I have to admit, my initial response to Mark Binder’s CD A Holiday Present! Christmas, Kwanzaa, Chanukah, Ramadan, Diwali, Solstice, New Year’s (Light Publications) was unenthusiastic. The carefully non-denominational cover illustration and the tagline “Warm, joyful, and fun adventures celebrating giving and family” had me bracing for some seriously touchy-feely PC crap. Includes “We Wish You a Merry Multicultural End of Year Holiday Season” hit single? Gimme a break.

I was relieved to discover that this collection of family-oriented holiday stories ranges from silly to thoughtful, with just a hint of subversion. Binder explains his inspiration for the song “We Wish You…” with the story “The Little Drummer Boy Medley,” in which he and his Christmas-abstaining family suffer through a seemingly never-ending Xmas muzak medley — on the day after Thanksgiving. “And they didn’t even do the David Bowie and Bing Crosby version!” Some tales (like “The Gold Coins”) have a traditional feel about them; others (e.g., “The Boy Who Hated Potato Latkes”) are clearly Binder originals. Plenty of wacky voices and places to chime in will engage little listeners. Just as important: adults can listen with kids without being hit over the head by morals or contracting deadly Raffi-itis.

Binder says, “One of the things that we do around the holidays is — in order to keep warm — we tell stories, because stories fill our minds and spirits.” Having grown up in a family whose Thanksgiving celebration always includes Arlo Guthrie’s “Alice’s Restaurant”, it feels like a good combination to me. But even if you don’t normally make storytelling a part of your Festivus festivities, A Holiday Present! does make a nice break from “The Little Drummer Boy.”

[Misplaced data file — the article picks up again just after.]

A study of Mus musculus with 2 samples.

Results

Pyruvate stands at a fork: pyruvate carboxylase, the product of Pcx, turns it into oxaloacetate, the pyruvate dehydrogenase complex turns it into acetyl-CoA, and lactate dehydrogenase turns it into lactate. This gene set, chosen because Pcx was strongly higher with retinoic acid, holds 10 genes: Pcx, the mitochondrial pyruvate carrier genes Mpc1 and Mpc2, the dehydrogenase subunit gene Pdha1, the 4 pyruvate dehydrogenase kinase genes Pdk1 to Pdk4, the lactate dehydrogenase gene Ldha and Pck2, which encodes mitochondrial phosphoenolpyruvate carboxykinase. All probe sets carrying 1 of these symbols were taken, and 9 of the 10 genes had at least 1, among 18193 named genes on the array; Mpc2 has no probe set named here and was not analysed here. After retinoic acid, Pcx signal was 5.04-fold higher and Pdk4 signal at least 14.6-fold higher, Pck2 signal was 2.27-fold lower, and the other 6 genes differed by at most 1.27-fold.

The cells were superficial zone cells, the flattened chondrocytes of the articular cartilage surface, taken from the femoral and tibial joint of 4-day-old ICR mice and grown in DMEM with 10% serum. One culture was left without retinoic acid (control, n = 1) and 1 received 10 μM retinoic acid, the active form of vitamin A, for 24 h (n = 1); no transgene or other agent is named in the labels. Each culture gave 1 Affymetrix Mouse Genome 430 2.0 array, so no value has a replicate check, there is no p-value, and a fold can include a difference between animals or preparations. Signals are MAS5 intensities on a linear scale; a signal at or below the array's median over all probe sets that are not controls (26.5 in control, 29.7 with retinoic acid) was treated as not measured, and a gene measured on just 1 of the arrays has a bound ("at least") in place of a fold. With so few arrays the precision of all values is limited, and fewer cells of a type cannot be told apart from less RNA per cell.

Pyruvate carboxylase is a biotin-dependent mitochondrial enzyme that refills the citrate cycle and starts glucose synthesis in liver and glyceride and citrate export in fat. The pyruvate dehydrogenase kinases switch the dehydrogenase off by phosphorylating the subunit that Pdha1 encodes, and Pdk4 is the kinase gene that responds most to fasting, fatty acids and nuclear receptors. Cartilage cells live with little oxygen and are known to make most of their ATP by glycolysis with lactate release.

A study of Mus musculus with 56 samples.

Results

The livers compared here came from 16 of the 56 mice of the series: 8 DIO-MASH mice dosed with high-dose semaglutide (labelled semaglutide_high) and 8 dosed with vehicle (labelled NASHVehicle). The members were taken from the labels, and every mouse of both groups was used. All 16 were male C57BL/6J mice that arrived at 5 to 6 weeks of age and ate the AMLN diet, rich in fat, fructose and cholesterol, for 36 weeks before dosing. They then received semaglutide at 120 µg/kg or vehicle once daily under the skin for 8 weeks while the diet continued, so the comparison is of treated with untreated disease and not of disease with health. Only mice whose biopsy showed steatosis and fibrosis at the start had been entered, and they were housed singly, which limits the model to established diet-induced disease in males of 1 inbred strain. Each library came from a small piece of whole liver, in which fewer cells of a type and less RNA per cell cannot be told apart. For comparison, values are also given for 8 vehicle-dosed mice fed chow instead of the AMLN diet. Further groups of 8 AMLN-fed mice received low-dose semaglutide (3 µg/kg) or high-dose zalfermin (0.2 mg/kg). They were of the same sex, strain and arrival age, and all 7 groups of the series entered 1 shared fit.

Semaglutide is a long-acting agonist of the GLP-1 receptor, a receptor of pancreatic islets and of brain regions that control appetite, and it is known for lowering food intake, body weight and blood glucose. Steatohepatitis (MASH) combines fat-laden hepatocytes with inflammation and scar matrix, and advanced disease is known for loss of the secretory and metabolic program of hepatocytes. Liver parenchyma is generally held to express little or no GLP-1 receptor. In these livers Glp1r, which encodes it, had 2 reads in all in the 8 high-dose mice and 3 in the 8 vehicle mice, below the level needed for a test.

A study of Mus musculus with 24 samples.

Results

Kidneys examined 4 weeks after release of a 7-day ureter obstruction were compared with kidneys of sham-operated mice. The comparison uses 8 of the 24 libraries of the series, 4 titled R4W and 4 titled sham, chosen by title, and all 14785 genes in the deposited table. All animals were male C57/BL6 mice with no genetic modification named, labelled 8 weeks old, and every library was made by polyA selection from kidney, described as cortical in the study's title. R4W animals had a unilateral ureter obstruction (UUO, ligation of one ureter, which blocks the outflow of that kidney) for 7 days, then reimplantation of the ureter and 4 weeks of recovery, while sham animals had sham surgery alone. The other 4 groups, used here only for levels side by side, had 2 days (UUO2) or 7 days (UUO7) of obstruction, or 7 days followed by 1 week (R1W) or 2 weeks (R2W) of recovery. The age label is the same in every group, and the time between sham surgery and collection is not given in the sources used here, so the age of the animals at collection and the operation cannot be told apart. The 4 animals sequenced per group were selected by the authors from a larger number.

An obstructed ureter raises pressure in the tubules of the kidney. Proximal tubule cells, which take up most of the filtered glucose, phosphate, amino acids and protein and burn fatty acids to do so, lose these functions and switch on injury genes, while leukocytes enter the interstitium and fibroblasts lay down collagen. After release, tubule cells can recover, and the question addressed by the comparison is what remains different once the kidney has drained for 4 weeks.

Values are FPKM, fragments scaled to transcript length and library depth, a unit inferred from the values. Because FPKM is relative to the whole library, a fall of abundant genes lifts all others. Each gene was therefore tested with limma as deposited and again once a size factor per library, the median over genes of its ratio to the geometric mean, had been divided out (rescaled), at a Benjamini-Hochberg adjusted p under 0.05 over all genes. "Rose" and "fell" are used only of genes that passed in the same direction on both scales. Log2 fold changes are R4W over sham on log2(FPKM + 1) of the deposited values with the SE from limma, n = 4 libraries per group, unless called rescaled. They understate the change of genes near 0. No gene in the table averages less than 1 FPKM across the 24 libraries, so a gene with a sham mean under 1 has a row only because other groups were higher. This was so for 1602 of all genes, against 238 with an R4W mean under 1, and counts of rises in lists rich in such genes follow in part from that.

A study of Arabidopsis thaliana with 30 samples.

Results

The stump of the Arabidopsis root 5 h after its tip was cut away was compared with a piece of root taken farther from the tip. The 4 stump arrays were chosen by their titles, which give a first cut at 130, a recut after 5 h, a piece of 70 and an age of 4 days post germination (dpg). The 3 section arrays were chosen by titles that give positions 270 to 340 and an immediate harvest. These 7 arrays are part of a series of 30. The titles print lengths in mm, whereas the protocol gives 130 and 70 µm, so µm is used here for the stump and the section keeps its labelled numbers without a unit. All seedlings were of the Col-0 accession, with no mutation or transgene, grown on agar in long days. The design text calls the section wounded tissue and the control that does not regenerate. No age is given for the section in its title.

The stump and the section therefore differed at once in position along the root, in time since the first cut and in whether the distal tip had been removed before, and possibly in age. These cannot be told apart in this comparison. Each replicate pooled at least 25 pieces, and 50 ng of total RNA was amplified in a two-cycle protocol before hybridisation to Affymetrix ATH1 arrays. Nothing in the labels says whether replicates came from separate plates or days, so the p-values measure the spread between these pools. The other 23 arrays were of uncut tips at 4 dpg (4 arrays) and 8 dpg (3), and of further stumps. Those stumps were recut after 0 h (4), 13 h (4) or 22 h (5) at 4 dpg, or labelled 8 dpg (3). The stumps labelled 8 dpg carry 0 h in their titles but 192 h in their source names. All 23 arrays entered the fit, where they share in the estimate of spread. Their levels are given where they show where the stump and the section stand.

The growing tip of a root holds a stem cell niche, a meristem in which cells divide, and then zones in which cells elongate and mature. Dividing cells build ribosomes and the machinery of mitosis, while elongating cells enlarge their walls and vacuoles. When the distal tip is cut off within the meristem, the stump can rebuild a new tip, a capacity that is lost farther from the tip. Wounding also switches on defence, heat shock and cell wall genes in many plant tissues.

Katie Bircher About Katie Bircher

Katie Bircher, associate editor at The Horn Book, Inc., is a former bookseller and holds an MA in children's literature from Simmons College. She served as chair of the 2018 Boston Globe-Horn Book Award committee. Follow Katie on Twitter @lyraelle.



  1. >But will the book still make sense on years when Ramadan falls in July?

  2. >@Anonymous: I think it works. Binder does say Ramadan is on a lunar calendar and moves through the year. And the single Ramadan story ("My House Is Too Small for Ramadan") is not particularly Ramadan-centric: a man goes to a wise-woman for advice because his house is full of family for the holiday and it's making him crazy. It could just as easily be a Christmas or Hanukkah or Kwanzaa tale.

    Excellent point, though.

  3. >@anonymous I have the CD and it works as do all of marks CDs. If your concern is holiday related then try one of his others. My kids, ages 7, 11, and 13 love them! We've been avid listeners for years.